Cambodian villagers march to ask for foreign intervention in land dispute

RFA| 28 April 2015

Villagers in Preah Vihear, Cambodia stop bulldozers from a Chinese company Lan Feng, Dec 30, 2014. (Photo: RFA)
Cambodian villagers march to ask for foreign intervention in land dispute

Residents of a Cambodian village involved in a decade-old land dispute with the wife of a powerful government minister marched on Tuesday in the capital Phnom Penh to request foreign support for their case, sources said.

Around 50 villagers representing 90 families from Lor Peang village in Kampong Chhnang province presented petitions to the U.S. and European Union embassies among others, accusing KDC International—a company run by Chea Keng, wife of Cambodia’s Minister of Mines and Energy Suy Sem—of encroaching on their land.

Village representative Oum Sophy said the protesters had especially targeted the embassy of Vietnam, which refused to accept the petition, with a request to stop Vietnamese companies from investing on the contested land.

“I hope that the embassy will prevent its citizens from investing with KDC,” Oum Sophy told RFA’s Khmer Service on April 28. “This company has stolen our land, and we have already been suffering for 10 years.”

Lor Peang villagers accuse KDC of having illegally confiscated 184 hectares (455 acres) of land from more than 100 area families in 2002, and say the company has attempted to pressure villagers into taking compensation packages they say are too low to allow them to move off the land.

Tensions over Lor Peang village, erupted in June 2014 into bloody clashes, leaving about a dozen injured, when residents stopped about 100 KDC workers from fencing off the disputed land.

The Kampong Chhnang provincial court has failed to rule on the dispute for years.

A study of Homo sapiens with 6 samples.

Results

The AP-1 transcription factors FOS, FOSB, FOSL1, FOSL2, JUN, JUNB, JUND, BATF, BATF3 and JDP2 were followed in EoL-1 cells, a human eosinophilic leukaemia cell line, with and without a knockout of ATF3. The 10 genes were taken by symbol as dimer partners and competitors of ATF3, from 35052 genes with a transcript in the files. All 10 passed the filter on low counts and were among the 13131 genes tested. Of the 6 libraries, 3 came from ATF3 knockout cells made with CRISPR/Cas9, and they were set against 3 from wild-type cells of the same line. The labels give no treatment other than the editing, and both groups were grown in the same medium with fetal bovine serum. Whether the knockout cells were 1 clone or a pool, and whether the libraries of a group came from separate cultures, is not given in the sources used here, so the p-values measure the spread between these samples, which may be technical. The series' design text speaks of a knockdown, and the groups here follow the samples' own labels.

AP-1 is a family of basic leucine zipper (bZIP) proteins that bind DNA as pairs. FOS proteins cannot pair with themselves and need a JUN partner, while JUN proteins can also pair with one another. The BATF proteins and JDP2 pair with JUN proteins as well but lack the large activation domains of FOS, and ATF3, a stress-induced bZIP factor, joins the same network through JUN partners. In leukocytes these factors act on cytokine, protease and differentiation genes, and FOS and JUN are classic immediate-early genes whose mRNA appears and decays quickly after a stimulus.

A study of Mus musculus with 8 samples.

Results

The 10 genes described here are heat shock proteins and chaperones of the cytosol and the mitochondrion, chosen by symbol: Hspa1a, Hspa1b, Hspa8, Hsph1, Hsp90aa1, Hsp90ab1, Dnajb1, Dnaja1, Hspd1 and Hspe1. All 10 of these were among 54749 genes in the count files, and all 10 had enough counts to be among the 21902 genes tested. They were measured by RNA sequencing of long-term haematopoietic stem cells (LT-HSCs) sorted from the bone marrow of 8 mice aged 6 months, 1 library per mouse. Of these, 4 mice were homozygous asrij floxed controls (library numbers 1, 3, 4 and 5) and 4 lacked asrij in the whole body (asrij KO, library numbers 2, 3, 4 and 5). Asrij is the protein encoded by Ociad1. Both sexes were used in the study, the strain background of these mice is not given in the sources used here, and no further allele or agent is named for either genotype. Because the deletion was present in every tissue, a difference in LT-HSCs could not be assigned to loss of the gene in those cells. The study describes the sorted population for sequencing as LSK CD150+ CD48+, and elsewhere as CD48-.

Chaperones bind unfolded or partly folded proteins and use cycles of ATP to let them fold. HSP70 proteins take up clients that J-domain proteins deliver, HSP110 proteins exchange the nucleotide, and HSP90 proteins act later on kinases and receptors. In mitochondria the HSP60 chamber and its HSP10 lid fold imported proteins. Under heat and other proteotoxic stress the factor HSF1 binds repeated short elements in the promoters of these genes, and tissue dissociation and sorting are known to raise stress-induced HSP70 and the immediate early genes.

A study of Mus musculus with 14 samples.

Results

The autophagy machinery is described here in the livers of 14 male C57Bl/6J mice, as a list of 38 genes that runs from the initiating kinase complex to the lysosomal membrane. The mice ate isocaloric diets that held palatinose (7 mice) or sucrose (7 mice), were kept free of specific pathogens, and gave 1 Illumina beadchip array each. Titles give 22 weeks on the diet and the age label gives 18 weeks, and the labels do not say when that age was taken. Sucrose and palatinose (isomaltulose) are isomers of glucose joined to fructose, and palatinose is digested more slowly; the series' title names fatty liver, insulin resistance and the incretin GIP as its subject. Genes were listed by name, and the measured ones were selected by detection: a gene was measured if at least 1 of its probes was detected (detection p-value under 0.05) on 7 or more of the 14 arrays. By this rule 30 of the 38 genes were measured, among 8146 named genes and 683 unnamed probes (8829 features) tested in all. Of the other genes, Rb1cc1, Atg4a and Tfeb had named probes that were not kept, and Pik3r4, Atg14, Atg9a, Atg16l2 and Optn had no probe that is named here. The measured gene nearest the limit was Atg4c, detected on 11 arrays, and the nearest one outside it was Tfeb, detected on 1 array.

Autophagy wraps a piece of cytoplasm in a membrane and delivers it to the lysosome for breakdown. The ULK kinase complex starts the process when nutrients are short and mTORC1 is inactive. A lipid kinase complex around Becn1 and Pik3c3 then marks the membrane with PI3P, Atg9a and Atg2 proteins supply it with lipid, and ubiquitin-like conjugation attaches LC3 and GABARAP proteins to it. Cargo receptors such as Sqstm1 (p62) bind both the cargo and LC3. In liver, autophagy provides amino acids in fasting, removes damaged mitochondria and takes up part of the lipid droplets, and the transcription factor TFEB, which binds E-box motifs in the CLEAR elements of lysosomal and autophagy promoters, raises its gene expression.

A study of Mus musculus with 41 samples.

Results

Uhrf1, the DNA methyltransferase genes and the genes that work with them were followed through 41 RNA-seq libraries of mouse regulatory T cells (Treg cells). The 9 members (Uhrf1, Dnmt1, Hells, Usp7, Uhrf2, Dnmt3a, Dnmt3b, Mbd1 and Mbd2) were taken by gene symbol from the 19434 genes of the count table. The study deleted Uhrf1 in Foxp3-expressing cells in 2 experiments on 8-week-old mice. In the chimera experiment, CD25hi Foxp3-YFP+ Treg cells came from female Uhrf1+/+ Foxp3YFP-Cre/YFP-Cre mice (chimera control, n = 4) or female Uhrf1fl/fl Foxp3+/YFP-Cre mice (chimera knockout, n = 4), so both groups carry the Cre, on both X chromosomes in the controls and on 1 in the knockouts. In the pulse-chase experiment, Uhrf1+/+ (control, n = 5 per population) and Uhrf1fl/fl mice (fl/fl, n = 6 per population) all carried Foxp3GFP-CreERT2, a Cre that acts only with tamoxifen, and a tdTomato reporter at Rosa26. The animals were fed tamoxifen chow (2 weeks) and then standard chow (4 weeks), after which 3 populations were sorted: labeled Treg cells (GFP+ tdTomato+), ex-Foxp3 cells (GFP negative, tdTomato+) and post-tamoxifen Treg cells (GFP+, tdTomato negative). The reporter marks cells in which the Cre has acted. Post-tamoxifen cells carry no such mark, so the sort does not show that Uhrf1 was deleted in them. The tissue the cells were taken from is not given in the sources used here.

NGO role 'misunderstood'

In a separate case, a court in Cambodia’s Preah Vihear province this week summoned a staff member of the nongovernmental organization Ponlok Khmer to answer charges of having “illegally detained” a work crew attempting to clear village land in December 2014.

Speaking to RFA, rights worker Bek Sophean said he had not committed any crime, but had simply “monitored” villagers as they blocked workers from a Chinese land-concession company, Lan Feng, as they tried to bulldoze village land.

The accusations made against him show that authorities misunderstand the role of NGOs in defending people’s rights, he said.

“It is a serious mistake for the court to accuse an NGO in this way,” he said.

Preah Vihear’s deputy prosecutor meanwhile issued seven additional warrants calling on protesters to appear before the court on April 29 on charges of having committed criminal offenses, sources said.

One villager who was charged called it unjust that villagers and rights workers should be hauled into court while Chinese companies are allowed to “encroach” on their land.

“I have lost my farm and my forest. Where can I go to live now?” Pou Phen asked.

Lor Chan, coordinator for the Cambodian rights group Adhoc, called the court warrants “a threat” to villagers and NGOs and urged the provincial deputy prosecutor and Cambodia’s Ministry of Justice to reconsider the case.

Land disputes are a bitter problem for Cambodia, where rural villagers and urban dwellers alike have been mired in conflicts that the U.N.’s special rapporteur for human rights in Cambodia has warned could threaten the country’s stability.

The country’s land issues date from the 1975-79 Khmer Rouge regime, which forced large-scale evacuations and relocations, followed by a period of mass confusion over land rights and the formation of squatter communities when the refugees returned in the 1990s after a decade of civil war.

Reported by RFA’s Khmer Service. Translated by Samean Yun. Written in English by Richard Finney.